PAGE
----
The seafood industry’s coronavirus crisis hit early in New Jersey, and Jeremy Muermann was making new calculations even before the crabs started moving around in Barnegat Bay.
“My motto for this whole thing has been just keep it small,” said Muermann, 42, who with his brother Jason, 38, works the bay with a 35-foot Chesapeake-built Evans. They stopped the winter dredge season two weeks early and talked with buyers to carefully gauge how the uncertain spring might pan out.
With supply chains from other Mid-Atlantic states stalled out, local demand was still surprisingly good. But supply disruptions worked the other way too, and menhaden for bait could be suddenly hard to locate.
“For the spring the market has been decent,” Muermann said in May, when the brothers pulled 12 to 20 bushels a night in their early season. “That’s not bad for this time of year.
“We’ve been told our shedder season is out… you’d think you’d be able to sell softshells. “It’s staying in New Jersey for the most part. A lot of it is going to the cities,” he said. “We’re going to have to get creative after Memorial Day, because everything will happen.”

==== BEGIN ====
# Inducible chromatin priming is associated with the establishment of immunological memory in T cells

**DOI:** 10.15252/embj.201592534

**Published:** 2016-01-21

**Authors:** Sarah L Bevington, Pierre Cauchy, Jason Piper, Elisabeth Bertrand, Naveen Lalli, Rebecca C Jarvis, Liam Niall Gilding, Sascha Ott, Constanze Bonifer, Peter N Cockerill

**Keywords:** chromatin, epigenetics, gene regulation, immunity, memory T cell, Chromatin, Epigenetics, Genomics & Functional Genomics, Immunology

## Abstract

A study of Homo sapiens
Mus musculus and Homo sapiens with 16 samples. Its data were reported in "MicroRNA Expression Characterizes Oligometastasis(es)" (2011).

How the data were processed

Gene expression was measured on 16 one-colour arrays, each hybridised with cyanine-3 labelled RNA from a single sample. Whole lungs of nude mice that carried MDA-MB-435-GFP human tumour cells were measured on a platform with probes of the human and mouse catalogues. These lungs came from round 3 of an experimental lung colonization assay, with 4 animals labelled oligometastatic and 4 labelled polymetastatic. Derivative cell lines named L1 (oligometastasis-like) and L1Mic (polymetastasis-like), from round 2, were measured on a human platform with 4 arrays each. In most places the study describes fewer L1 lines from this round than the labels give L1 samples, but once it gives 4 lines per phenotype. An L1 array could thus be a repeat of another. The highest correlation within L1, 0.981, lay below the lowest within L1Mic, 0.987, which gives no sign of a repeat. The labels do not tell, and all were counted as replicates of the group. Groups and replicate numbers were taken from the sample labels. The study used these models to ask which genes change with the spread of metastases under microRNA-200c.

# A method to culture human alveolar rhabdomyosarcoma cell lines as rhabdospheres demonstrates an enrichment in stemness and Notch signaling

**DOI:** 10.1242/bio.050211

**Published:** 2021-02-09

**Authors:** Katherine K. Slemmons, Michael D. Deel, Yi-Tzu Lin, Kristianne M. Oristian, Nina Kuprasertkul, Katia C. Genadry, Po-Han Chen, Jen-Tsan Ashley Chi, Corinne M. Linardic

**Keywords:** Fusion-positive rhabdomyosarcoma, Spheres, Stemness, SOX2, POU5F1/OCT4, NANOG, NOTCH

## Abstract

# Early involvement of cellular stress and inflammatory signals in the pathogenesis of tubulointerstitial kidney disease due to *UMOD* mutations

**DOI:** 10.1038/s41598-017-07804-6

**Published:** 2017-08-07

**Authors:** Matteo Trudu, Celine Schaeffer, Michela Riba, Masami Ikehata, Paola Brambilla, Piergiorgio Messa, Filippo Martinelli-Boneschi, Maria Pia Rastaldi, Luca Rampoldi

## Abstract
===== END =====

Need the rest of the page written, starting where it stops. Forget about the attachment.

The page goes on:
Restaurant closings into the summer continued to hobble New Jersey fishermen. Muermann, clam growers and tilefish longliners took to social media to cross-promote their products, and Muermann helped his in-laws’ Shady Rest seafood restaurant keep their expanded take-out business going.
The brothers learned crabbing with their father, Bill Muermann, whose bushel crabs were a staple for summer residents in Ocean County beach resorts and bayside neighborhoods. In a family photo from 1983, Bill holds Jason on his shoulder by his truck alongside the road in Bayville, N.J.
“That’s where we started this business, with roadside stands,” Muermann said. “For a lot of people, it feels like we’re going back there.”